Egypt: Sudan Calls for Settling Halayed Triangle Territorial Dispute
Egypt could soon be entangled in another round of territorial dispute with Sudan over the Halayed Triangle overlooking the Red Sea as Sudan’s Foreign minister Ibrahim Ghandour told the parliament that Khartoum has taken “necessary legal and political measures” to preserve its rights and sovereignty.
Sudan raised new concerns over the territory after Egypt and Saudi Arabia reached a maritime border agreement under which the Red Sea islands of Teran and Sanafir were handed over to Riyadh.
Sudan said it wants to review the agreement after it surfaced that the Halayed Triangle was recognized as an Egyptian territory by the document.
Ghandour, while acknowledging that the relationship between the two countries is “at its best,” stressed that they want “to figure out the impact” on their maritime borders because Sudan “wouldn’t abandon its national sovereignty.” Khartoum wants to take the dispute to international arbitration but Cairo has not encouraged such moves. Egypt settled the dispute over the Taba area with Israel at an international arbitration.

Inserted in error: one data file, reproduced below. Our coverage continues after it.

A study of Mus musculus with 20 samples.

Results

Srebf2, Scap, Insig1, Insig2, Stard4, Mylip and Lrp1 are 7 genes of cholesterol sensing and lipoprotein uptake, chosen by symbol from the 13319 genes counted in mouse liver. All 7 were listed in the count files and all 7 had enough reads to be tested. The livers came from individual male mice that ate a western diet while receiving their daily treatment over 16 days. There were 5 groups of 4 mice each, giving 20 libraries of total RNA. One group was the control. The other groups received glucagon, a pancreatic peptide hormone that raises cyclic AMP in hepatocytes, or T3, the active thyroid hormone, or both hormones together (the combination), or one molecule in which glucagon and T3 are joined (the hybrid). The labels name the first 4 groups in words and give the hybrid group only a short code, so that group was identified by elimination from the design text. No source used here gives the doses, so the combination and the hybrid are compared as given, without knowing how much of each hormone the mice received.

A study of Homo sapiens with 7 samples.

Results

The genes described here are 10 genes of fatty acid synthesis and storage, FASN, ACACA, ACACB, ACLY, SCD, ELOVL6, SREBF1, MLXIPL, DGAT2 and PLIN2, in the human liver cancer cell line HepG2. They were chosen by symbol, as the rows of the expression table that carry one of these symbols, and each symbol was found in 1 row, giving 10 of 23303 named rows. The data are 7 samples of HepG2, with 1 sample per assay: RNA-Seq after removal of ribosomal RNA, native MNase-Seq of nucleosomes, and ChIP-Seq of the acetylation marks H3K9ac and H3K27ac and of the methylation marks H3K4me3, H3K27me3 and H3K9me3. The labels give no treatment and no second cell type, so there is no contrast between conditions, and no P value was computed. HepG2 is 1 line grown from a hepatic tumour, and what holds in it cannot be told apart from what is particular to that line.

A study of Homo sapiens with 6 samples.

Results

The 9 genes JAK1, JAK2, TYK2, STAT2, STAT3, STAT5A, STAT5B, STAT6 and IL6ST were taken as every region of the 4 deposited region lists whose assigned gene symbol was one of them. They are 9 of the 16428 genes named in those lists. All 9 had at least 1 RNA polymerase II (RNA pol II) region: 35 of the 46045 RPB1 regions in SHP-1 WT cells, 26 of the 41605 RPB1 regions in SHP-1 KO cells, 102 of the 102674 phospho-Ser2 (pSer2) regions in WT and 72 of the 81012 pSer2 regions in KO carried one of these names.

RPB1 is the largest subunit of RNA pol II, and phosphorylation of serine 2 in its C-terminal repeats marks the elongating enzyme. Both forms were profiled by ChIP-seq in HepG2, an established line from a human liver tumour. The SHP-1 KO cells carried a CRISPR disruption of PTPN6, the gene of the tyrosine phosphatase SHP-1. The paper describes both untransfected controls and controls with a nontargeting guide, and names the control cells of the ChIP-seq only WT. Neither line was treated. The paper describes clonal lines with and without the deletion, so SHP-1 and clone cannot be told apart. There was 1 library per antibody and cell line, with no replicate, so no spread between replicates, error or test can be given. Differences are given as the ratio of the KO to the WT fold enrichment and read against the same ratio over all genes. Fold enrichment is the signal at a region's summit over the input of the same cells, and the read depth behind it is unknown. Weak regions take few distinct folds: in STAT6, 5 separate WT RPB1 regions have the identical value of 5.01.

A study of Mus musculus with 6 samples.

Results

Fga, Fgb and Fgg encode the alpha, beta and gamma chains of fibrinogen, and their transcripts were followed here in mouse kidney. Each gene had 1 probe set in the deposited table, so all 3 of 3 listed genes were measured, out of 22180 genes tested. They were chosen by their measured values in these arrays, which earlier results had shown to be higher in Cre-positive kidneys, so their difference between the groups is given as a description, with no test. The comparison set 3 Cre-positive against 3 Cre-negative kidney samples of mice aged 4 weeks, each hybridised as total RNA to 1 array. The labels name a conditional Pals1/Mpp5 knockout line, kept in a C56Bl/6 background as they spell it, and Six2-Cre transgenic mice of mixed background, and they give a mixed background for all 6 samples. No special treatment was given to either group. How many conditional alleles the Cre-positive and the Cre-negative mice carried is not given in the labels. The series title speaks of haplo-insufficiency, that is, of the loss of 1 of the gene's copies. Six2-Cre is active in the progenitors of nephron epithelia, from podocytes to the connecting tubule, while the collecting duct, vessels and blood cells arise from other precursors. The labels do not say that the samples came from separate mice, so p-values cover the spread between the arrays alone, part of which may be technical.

The Sudanese foreign ministry released a statement last month calling for direct negotiations in order to reach an agreement with Egypt as the latter has just done with Saudi Arabia.
The spokesperson of the Egyptian foreign ministry Ahmed Abu Zaid replied that “Halayed and Shalateen are Egyptian territories and fall under Egyptian sovereignty” and that “Egypt has no additional comment on the statement issued by the Sudanese foreign ministry.”
The dispute over the territory has been ongoing since 1958 but it has been under Egypt’s full military control from the mid 1990’s after Sudan has allegedly supported an assassination attempt on former president Hosni Mubarak.
There are reports that Egypt would soon begin the construction of its first court in Halayeb.